Seven months after first highlighting a problem with the accessibility of an accessible toilet at a Portadown park, a local councillor has urged Armagh City, Banbridge and Craigavon Borough to solve the problem quickly.
Last summer it was revealed that anyone wishing to use the changing places facilities at Portadown’s People’s Park are required to notify the council at least 24 hours before they intend to use the facility.
Changing Places toilets are designed so they are completely accessible and provide sufficient space and equipment for people who are not able to use the toilet independently.
The issue was raised at a council meeting on August 23 last year by Councillors Julie Flaherty and Eamon McNeill and in response to their complaints, the council’s strategic director of neighbourhood services, Sharon O’Gorman said the local authority was working to address the issue.
“We are aware of the issues in relation to the Changing Places toilets and are looking to put in place a more user-friendly approach through an external door,” said Ms O’Gorman
“This will be picked up through Council’s maintenance budgets.”
However, seven months later at a meeting of the council’s monthly meeting held on Monday, March 28, Councillor Julie Flaherty expressed her frustration the problem has still not been adequately addressed.
“I am entirely frustrated at the progress of the Changing Places toilets in the People’s Park in Portadown,” she said.
“I raised a very important and distressing issue last summer and as yet not a stone has been turned in that pavilion to sort out the issue of a locked door on a Changing Places toilet.
“I know things can be slow and I appreciate things take time and these are, as I was told today, ‘bespoke doors’ but let me be clear, I want that door in before the summer period. I am just so frustrated about it.
“Be under no illusion, I will bring this up at every opportunity. The toilets in Portadown People’s Park are absolutely appalling. I implore some of the officers and directors to go and have a look at them.
“The staff on the ground are doing the best they can but it is not satisfactory for me as a councillor to receive an email response in relation to a problem telling me ‘we are thin on the ground with staff’.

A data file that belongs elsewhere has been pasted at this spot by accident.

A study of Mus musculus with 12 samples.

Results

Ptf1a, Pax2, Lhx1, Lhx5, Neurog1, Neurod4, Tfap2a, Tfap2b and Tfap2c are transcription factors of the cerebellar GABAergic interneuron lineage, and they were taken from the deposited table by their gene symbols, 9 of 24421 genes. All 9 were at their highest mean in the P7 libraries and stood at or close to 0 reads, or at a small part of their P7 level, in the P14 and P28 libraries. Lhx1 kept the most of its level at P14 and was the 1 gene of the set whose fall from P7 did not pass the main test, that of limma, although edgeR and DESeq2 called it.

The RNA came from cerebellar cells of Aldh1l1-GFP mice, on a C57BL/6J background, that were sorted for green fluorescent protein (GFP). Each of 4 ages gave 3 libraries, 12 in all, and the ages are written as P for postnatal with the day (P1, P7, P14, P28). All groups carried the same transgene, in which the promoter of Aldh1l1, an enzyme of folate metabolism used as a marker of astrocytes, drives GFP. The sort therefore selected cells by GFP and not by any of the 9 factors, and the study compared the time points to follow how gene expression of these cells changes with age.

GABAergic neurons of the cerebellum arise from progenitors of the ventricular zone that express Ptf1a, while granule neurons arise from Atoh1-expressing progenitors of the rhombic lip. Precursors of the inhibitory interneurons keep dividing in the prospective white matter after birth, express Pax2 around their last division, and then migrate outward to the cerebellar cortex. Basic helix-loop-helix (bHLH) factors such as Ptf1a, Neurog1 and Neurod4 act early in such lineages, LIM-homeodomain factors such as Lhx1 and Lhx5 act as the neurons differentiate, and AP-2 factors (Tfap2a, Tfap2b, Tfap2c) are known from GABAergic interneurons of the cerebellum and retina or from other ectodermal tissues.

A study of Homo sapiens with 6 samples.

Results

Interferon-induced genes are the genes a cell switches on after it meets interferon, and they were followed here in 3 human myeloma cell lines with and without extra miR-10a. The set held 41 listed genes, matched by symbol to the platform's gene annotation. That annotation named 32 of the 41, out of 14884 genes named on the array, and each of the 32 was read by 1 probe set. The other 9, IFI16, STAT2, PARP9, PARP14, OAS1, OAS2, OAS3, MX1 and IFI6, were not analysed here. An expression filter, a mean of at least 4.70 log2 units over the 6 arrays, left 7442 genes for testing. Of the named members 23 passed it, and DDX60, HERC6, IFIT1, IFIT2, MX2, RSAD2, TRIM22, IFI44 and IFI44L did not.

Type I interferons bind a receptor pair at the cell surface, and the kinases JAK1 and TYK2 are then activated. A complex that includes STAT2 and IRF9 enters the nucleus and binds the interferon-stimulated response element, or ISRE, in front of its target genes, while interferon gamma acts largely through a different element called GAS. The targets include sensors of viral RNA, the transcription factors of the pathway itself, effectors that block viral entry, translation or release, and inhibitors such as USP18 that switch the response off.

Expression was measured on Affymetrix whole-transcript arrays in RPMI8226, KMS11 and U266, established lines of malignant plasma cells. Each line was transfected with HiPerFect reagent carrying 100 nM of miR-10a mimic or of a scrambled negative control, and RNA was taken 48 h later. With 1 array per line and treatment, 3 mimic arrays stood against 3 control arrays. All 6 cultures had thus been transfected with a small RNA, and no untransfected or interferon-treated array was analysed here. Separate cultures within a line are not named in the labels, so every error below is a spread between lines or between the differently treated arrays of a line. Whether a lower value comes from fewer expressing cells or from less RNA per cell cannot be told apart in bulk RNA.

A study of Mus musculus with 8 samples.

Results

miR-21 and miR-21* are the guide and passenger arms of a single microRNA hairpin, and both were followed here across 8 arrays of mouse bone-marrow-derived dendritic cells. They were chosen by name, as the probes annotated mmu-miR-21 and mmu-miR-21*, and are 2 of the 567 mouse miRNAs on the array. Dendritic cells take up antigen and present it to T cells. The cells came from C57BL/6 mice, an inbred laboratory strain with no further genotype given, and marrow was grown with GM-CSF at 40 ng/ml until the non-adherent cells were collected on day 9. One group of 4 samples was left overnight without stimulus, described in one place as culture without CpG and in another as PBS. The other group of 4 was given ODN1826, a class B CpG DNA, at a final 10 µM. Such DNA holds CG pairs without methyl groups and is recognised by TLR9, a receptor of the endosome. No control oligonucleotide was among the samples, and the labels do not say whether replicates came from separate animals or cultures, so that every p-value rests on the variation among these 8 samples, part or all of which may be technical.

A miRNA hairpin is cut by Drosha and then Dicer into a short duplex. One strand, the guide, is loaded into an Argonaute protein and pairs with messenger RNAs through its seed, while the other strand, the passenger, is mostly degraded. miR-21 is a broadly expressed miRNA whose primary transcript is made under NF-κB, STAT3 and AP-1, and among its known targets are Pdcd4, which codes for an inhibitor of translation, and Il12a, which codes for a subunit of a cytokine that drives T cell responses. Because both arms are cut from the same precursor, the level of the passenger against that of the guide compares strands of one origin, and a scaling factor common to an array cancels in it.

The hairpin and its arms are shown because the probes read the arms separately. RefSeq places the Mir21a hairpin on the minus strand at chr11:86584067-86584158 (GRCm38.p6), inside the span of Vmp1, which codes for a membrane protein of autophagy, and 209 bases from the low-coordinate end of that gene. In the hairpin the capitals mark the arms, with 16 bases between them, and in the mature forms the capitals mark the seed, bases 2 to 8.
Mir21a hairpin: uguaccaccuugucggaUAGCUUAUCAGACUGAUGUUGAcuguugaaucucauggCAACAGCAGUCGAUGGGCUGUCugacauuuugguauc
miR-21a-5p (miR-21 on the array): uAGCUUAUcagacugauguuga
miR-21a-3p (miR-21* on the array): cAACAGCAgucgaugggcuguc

“We all know that but if we have parks we want to be proud of and busy in good weather we either have the facilities or we don’t. If we can’t keep the toilets clean then we close them.”
Cllr Flaherty continued by comparing the toileting facilities on offer in other parks across the borough and called on officers and the council’s senior management team to create a joined up approach to ensure adequate provision across the borough.
“There are good facilities at Lurgan Park and we have an accessible toilet pod arriving there soon to enhance these facilities,” she said.
“However, we have no toilets at all in Edenvilla and there is a lack of provision at Oxford Island.
“We are going to have join things up here folks. It is beyond a lick of paint at this stage.
“I will leave it at that for now. I have spoken to officers but I don’t want an email saying we are short staffed when I say a toilet needs cleaned, I want them cleaned. Enough is enough.”
Cllr McNeill asked if it would be possible for a site meeting to take place “provided it does not slow the process down” and Ms O’Gorman confirmed a site meeting could be arranged.
Last August when asked who was responsible for signing off on the decision to require 24-hour notice to use the changing places facility at the People’s Park and if the council would consider it acceptable if other members of the public had to give 24 hours notice of their intent to use restrooms at council facilities, a spokesperson for the local authority said it “recognised the need to improve user accessibility”.
“The notification for use of the Changing Places toilet facility at People’s Park in Portadown is a temporary arrangement,” said a council spokesperson.
“The current access point is restricted by sole entry through the pavilion, which requires manual opening and closing by a staff member to facilitate access,”
“Council has recognised the need to improve user accessibility and is actively investigating the possibility of installing a new external door that will use radar key technology to aid controlled public access to the facility.”